The giddy warmth of mid-November is yielding, inevitably, to the gloom of winter. Night arrives early, the winds turn bitter cold and locavore eating means beet salad and pureed parsnips for the duration. (I love root vegetables. Ask me again in March.)

Ema, which opened five months ago in River North, is not the antidote to winter, but at least it’s a respite.

Chef CJ Jacobson, who was the inaugural chef-in-residence at Lettuce Entertain You Enterprise’s groundbreaking Intro restaurant, is a California boy with a forage-friendly bent, and the restaurant, built from the ground up with Jacobson in mind, reflects that. Lighting is generously, almost aggressively, bright. Oversize windows, which slide open in good weather, coax in all available beams of sunlight, which bounce off the white-wood and white-brick walls. Walnut-colored wood tables, linen napkins, plank-look flooring and woven-basket fixtures speak to natural materials; suspended-ceiling hardware is repurposed as an industrial arbor, allowing green vines to snake overhead. (Yeah, they’re silk, but it’s the thought that counts.) This is Lettuce’s most resolutely summery interior since Summer House Santa Monica opened three years ago.

If you dined at Intro during Jacobson’s time there, you’ll have just the barest inkling of what awaits you here. At Intro, Jacobson was serving, perhaps, 60 tasting menus per night; Ema seats nearly 150 and offers an a la carte menu listing more than 30 dishes.

“I’ve learned a whole bunch,” Jacobson says. “We were about 2 1/2 months in before we finally got our heads above water. It’s been quite an adventure.”

The menu is Middle Eastern, which is not so far removed from California cooking as one might imagine. In an interview years ago with Joyce Goldstein (back when her legendary San Francisco restaurant, Square One, was still open), she opined that California, with its plethora of vegetables, nuts and olive oil, was in reality a Mediterranean country. I’m not about to put Ema up against Square One, but I think there’s a shared sentiment.

You’ll start with spreads, if only to get at that soft, warm, naan-like bread that’s included. There are hummus spreads at different spice levels, including one fortified with lamb ragu and spicy harissa, and housemade labneh (Lebanese cream cheese) with crushed almonds, lightly grilled grapes and honey. I assumed the recently added “pumpkin hummus” was a seasonal gimmick, but the spread, made from kabocha squash and drizzled with pumpkinseed oil, is delicious, accented sparingly with cinnamon and nutmeg. (“I didn’t want it too Starbucks-ed out,” Jacobson explained.)

One of Jacobson’s oddest dishes is also one of my favorites. English peas, mixed with tart, housemade yogurt and blackberry-sumac granita. The dish is served ice cold (placed over a bowl of ice, in fact), and while it strikes me as a summer dish (no doubt it’ll be off the menu soon), between the vibrant red of the shaved granita and vivid-green peas, one could view it as a Christmas-wreath presentation, if one were to squint hard enough and drink long enough.

Another favorite is the halloumi, a brined cheese with a high melting point and a cheese-curd texture; Jacobson quick-fries it in chunks, to be tossed with dates, various peppers (Fresno, bell, piquillo, marinated in fish sauce) and chicory in a textural playground. (Halloumi itself is rather bland, but the peppers compensate nicely.)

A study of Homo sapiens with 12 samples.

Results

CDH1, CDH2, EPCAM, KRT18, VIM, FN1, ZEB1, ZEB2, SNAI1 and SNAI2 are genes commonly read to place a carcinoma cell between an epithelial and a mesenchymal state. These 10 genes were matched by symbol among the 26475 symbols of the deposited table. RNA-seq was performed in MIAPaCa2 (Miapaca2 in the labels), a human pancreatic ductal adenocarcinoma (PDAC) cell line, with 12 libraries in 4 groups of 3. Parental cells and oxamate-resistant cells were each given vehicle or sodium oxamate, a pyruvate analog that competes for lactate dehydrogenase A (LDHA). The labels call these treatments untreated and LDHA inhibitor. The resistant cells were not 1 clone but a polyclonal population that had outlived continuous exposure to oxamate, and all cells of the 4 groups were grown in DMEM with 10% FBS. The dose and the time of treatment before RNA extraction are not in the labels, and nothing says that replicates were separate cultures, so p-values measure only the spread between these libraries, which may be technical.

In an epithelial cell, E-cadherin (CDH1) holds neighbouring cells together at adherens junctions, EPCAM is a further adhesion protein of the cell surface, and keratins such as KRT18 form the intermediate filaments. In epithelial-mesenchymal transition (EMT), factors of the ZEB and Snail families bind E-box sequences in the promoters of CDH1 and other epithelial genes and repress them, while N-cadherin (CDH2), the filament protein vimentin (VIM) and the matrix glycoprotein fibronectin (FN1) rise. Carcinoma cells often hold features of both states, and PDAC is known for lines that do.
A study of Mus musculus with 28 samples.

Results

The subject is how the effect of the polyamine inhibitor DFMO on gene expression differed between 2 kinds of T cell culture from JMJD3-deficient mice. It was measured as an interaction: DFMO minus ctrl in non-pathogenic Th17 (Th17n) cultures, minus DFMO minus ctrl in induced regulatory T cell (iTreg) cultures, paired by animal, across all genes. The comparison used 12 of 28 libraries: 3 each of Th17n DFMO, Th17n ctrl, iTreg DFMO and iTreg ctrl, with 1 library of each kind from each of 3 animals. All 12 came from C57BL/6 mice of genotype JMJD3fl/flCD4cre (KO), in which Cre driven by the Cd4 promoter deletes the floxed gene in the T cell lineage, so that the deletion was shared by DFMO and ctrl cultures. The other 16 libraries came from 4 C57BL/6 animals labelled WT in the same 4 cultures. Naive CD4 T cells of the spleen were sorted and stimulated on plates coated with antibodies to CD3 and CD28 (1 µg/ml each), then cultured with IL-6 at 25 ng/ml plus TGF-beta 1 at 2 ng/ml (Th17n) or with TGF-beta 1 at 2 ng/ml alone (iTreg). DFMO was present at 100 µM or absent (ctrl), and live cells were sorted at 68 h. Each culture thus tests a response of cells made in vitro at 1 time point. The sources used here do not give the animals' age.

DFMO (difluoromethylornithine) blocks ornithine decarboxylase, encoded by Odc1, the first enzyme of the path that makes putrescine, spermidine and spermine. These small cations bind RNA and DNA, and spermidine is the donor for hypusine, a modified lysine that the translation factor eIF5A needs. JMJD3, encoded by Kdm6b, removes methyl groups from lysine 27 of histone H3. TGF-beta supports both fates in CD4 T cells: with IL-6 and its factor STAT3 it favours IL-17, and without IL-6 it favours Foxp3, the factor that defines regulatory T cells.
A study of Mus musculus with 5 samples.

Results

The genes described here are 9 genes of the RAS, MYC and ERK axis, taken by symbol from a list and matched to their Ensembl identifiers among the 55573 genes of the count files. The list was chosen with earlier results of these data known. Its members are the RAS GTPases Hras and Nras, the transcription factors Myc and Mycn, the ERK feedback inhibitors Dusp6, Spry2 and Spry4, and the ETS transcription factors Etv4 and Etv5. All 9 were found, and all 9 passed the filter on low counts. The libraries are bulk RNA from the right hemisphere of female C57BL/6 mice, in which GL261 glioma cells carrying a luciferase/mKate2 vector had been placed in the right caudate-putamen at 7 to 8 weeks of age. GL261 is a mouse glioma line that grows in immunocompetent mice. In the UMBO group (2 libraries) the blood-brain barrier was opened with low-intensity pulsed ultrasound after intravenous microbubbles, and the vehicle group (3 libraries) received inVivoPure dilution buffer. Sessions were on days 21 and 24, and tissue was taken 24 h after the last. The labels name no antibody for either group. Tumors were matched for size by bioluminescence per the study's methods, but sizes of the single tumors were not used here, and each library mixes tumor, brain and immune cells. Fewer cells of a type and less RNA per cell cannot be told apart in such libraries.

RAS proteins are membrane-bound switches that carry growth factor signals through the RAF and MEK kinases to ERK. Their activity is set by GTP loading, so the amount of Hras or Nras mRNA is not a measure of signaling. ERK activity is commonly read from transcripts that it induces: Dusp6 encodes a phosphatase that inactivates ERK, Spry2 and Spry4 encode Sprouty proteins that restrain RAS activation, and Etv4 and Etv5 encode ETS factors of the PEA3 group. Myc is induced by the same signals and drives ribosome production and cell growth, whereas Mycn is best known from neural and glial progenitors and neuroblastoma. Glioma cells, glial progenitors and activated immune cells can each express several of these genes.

Also unusual is the risotto of bulgur grains, with accents of Meyer lemon, black walnut, Parmesan and Honeycrisp apples in irregular chunks. Visually a bore, the dish abounds with nutty flavor and chewy texture; I kept thinking what a great breakfast dish this would make.

Romanesco is billed, redundantly, as “romanesque cauliflower,” but Jacobson says no one ordered the dish under the “romanesco” title. Stalky and vivid-green, this cauli-cousin is definitely worth your attention, especially in this preparation — lightly charred and very firm, dusted with powdered Aleppo pepper and plated over yogurt and honey. As I alluded to earlier, Jacobson knows how to entice with vegetables.

Larger plates appear designed for more timid palates. There are kebabs in various forms, accented by tzatziki sauce or zhoug (spicy green pepper sauce), as the case may be. The rotisserie chicken offers clean and familiar flavors (and is the star of Ema’s carryout kiosk adjacent to the dining room), the skinless striped bass gets a vibrant accent from pistachio pesto, and the salmon — over a ginger- and jalapeno-infused broth and accompanied by fruit (sliced peaches when I tried it, marinated persimmon these days) — is perhaps the most Californian dish on the menu.

For dessert, the smooth dark-chocolate torte is covered with crushed pistachio and crisped kataifi (a Greek pastry that resembles shredded wheat); underneath, a Turkish-coffee cremeux has just a hint of cinnamon. Sesame-seed-topped honey pie is a sweet treat, and the almond cake is very good, reminding me of the Basque cake served at mfk.

And then there’s the frozen Greek yogurt, which is addictive even on a below-freezing day. It’s a bright and lightly acidic soft-serve, swirling upward from its saucer base and drizzled with olive oil and a sprinkling of sea salt. Jacobson’s running joke is that he’s down to two servings per day.


74 W. Illinois St.


Tribune rating: Three stars

Open: Dinner daily; lunch Monday-Friday

Prices: Main courses $16.95-$24.95

Credit cards: A, DC, DS, M, V

Reservations: Recommended

Noise: Conversation-friendly

Other: Wheelchair accessible; valet parking

Ratings key: Four stars, outstanding; three stars, excellent; two stars, very good; one star, good; no stars, unsatisfactory. The reviewer makes every effort to remain anonymous. Meals are paid for by the Tribune.